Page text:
Blogs

John Clare: Remix

What time the gales that morning’s freshness brings
When labour’s pleasant hour begins –
While on the cote the pigeon rests
Woman the world’s best wealth stirs.

Why did we come so far from home?

This is not a poem by John Clare. It is not a poem – or rather, not a poem in a proper sense.

It is a list of first lines that need to be properly formatted in HTML.

Featured poet(s): George Linnaeus Banks & Isabella Varley Banks

Today marks the inaugural post in what we plan to make a regular item: the featured poet. This week, I’ll actually discuss a pair of poets: George Linnaeus Banks and Isabella Varley Banks.

What we talk about when we talk about youth: Thomas Dermody, Mary Leapor, and Defining “Tragic Youth”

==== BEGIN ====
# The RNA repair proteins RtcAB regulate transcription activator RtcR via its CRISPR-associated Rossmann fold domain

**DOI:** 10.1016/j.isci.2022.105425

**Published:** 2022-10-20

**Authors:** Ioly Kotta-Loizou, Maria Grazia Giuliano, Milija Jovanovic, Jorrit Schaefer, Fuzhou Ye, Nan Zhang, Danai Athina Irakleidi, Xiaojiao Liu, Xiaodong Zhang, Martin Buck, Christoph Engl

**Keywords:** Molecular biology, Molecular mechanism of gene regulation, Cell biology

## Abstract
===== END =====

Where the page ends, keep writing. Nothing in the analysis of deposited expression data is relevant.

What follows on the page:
When we talk of someone dying too young, or dying before his/her time, what do we mean?

One interesting category of distinction highlighted in the Database of Laboring-Class Poets and illuminated on the new Omeka site [deprecated] through the use of tags is “tragic youth.” As we complete our data entry, we have the chance to reevaluate our use of terms like “tragic youth,” which can be problematic for a number of reasons.

What does a haberdasher really do? Creating a controlled vocabulary for LCPO

One of the more interesting obstacles the team has faced so far in the process of transitioning to Omeka is settling on a controlled vocabulary for occupations. Early on, we decided to establish such a list as a separate field from occupations, which would allow us to narrow the range of terms describing poets’ jobs and thus make tagging and searching simpler. For example, all poets who did any kind of weaving would be called, simply, “weavers,” rather than defining them more specifically (e.g. handloom weaver, powerloom weaver).